MPs told to repay profits from taxpayer-funded second homes

MPs have agreed to hand back hundreds of thousands of pounds worth of profits from taxpayer-funded homes.

MPs have agreed to hand back hundreds of thousands of pounds worth of profits from taxpayer-funded homes.


Scarborough and Whitby MP Robert Goodwill, a Tory whip, and Penistone and Stocksbridge MP Angela Smith, a Labour backbencher, are among a group of almost 30 MPs who have agreed to pay back capital gains on their second homes after continuing to claim mortgage interest on their expenses since 2010.

There is no suggestion any of the MPs have acted improperly, but the repayments are indicative of the clampdown on MPs’ expenses since the scandal that erupted at Westminster four years ago.

The tough new watchdog, the Independent Parliamentary Standards Authority (Ipsa), banned MPs from using their second home expenses to pay mortgage interest in May 2010, in the wake of public fury over “flipping” and allegations of profiteering.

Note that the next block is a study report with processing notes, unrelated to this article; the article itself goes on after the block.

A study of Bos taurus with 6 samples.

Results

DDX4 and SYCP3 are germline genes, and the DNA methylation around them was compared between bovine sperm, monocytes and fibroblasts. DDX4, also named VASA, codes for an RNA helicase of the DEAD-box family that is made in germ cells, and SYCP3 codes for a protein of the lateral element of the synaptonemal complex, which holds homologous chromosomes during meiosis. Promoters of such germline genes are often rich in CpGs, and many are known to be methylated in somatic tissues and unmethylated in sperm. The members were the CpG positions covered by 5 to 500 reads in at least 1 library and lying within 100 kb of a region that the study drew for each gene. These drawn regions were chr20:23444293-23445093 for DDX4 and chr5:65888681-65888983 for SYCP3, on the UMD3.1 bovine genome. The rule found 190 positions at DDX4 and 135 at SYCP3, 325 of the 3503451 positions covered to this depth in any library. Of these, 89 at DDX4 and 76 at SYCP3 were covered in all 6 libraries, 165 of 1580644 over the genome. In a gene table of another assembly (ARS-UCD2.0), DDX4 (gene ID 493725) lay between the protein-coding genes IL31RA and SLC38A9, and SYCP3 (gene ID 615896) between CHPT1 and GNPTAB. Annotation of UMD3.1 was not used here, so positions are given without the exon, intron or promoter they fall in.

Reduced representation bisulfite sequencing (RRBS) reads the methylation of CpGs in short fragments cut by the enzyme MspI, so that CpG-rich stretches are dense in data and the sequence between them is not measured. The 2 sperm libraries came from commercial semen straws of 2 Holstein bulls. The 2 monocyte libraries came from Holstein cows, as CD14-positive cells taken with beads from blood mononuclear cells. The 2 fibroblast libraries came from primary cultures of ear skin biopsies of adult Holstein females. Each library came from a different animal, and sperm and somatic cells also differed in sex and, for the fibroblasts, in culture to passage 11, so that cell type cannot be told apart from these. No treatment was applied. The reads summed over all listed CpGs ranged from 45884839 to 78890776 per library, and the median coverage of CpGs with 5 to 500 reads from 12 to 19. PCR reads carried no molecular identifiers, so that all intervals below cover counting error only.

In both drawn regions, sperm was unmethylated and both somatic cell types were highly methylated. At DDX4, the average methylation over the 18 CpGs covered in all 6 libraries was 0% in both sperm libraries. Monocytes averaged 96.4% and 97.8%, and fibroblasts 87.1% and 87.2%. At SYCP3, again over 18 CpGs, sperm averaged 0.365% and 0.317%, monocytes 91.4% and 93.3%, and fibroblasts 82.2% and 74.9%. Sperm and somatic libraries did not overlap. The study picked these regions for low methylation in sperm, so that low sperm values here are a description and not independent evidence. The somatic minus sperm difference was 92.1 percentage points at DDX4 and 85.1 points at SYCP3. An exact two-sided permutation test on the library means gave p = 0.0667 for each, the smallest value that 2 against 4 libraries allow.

However, transitional arrangements were put in place permitting MPs to keep claiming the money up to last August – as long as they agreed to return any potential capital gain on their home.

Figures released by Ipsa yesterday showed 71 MPs claimed almost £1m over the 15-month period, but most were not asked to make repayments, because surveyors’ reports showed their properties had not gained in value.

However, 29 were asked to make payments to reflect the increased value of their homes.

Ms Smith has paid back almost £8,500, while Mr Goodwill has paid back almost £5,000.

Both said yesterday they had always understood any capital gain would need to be repaid, and that they were happy to do so.

Ipsa has begun High Court action against one Tory MP who is refusing to pay up. Peterborough MP Stewart Jackson said he was mounting his own legal challenge in response, accusing Ipsa of over-estimating the value of his home and then rushing into “heavy-handed and disproportionate” litigation.